AMR Corporation, the parent company of American Airlines, and US Airways now expect to successfully complete their proposed merger after reaching a preliminary settlement with the US Justice Department and several states that originally challenged the deal. Announced back in February, the merger's fate came into doubt in August, when the US Department of Justice (along with attorneys general from Arizona, Florida, Pennsylvania, Tennessee, Texas, Virginia and the District of Columbia) sued to prevent the companies from combining.
The DOJ argued that a merger would raise ticket prices
Officials aggressively argued that the merger would ultimately result in less competition and higher prices for the traveling public. In its complaint, the DOJ claimed that one-stop flights from US Airways have ultimately forced bigger competitors to lower the cost of direct flights. A successful merger would therefore instantly eliminate this healthy competition, raising prices for everyone. But in recent weeks (and with the planned trial kickoff fast approaching), American Airlines and US Airways have ramped up the pressure, organizing demonstrations supporting the merger at the US Capitol.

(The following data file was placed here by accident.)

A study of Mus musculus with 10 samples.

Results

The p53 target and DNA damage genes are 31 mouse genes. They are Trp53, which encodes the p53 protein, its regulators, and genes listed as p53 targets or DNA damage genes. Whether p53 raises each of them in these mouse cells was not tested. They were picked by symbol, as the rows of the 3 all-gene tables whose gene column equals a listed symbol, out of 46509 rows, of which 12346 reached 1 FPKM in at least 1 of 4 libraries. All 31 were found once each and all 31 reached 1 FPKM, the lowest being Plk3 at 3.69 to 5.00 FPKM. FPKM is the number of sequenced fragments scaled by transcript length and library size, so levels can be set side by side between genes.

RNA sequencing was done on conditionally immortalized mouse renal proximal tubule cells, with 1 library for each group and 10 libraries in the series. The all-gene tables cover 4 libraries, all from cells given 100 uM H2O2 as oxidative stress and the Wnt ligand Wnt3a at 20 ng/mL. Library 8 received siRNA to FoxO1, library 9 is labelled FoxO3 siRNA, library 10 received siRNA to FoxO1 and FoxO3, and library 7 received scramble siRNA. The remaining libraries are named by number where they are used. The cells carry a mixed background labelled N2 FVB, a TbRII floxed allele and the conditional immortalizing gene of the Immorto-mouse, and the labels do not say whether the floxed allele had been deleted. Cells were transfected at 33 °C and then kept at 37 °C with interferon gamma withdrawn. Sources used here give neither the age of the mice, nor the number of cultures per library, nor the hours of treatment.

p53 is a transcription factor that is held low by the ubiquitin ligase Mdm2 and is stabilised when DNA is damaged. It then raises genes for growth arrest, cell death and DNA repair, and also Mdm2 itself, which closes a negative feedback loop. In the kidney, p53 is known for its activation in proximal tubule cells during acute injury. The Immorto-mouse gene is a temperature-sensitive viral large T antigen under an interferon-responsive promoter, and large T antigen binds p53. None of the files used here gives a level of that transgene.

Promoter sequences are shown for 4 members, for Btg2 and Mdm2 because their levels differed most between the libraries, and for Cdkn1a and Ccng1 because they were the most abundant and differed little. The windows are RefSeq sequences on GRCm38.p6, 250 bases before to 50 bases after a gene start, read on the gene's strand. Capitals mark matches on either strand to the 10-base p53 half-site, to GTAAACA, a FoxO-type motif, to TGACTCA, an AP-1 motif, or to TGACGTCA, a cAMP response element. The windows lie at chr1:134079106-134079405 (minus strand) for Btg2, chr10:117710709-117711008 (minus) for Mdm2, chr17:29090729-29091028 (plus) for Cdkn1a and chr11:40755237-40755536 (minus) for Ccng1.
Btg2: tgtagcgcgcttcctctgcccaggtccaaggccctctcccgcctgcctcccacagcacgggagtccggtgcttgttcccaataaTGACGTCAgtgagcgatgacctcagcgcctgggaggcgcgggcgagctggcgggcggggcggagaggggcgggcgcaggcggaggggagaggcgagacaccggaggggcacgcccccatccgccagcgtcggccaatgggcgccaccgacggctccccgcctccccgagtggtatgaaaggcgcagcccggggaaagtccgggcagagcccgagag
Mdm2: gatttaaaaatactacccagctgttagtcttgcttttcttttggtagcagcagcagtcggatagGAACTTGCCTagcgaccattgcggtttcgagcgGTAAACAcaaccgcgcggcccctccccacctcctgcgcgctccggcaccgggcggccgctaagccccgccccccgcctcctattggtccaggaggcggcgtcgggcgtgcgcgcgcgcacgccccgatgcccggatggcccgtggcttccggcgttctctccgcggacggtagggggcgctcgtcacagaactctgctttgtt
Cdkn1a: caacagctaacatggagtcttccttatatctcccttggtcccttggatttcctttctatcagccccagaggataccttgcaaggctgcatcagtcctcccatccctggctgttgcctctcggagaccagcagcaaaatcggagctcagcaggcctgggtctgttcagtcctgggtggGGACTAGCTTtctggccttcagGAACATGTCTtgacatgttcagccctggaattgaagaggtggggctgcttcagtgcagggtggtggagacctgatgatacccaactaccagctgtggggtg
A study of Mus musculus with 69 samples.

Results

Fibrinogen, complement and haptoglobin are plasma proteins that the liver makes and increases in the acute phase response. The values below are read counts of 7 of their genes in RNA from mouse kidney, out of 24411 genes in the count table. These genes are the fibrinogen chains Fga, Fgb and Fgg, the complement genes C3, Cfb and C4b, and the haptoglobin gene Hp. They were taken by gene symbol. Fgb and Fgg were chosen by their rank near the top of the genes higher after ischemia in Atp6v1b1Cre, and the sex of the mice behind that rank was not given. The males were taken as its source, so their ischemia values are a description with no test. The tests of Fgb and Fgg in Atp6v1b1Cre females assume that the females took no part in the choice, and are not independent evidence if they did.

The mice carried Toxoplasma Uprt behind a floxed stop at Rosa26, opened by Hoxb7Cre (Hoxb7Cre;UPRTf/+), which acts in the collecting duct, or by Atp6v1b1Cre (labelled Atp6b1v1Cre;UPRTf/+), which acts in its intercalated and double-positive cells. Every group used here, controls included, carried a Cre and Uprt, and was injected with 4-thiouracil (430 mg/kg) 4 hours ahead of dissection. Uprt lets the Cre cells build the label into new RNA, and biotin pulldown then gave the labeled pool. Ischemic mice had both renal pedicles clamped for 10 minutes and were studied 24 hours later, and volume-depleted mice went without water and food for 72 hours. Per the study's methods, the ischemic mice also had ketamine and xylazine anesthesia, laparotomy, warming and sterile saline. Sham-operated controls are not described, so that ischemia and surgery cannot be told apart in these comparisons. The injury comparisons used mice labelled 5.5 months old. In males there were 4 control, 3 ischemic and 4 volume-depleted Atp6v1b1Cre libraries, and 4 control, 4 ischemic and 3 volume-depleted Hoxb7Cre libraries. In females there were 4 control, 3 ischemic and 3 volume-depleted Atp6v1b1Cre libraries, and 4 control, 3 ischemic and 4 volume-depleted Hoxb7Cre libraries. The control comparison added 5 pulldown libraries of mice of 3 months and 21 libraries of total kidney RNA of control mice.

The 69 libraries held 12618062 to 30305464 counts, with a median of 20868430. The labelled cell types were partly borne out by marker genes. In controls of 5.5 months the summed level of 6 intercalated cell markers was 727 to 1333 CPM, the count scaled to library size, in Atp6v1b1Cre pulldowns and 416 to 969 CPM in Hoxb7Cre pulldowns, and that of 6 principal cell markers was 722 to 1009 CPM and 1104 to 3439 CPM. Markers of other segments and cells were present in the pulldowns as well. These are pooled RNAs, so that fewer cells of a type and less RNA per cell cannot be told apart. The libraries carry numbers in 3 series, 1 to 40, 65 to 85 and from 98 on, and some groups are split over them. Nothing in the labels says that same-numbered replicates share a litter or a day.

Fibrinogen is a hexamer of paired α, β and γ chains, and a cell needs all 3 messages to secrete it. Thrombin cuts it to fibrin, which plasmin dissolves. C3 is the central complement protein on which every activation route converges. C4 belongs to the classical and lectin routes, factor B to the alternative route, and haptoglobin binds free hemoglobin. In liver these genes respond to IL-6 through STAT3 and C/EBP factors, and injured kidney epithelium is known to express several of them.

The DOJ was also concerned about the fact that nearly 70 percent of takeoff and landing slots at Reagan National Airport would be controlled by the massive airline. At least in this area, there have been significant concessions to reach today's preliminary settlement. American Airlines and US Airways will sell off 104 slots at Reagan National Airport in Washington and 34 slots at New York's La Guardia Airport. The new American Airlines will also need to give up control of two gates "and related support facilities" at Boston Logan International Airport, Chicago O'Hare International Airport, Dallas Love Field, Los Angeles International Airport, and Miami International Airport. If given final approval on the settlement, the merger is expected to be finalized in December.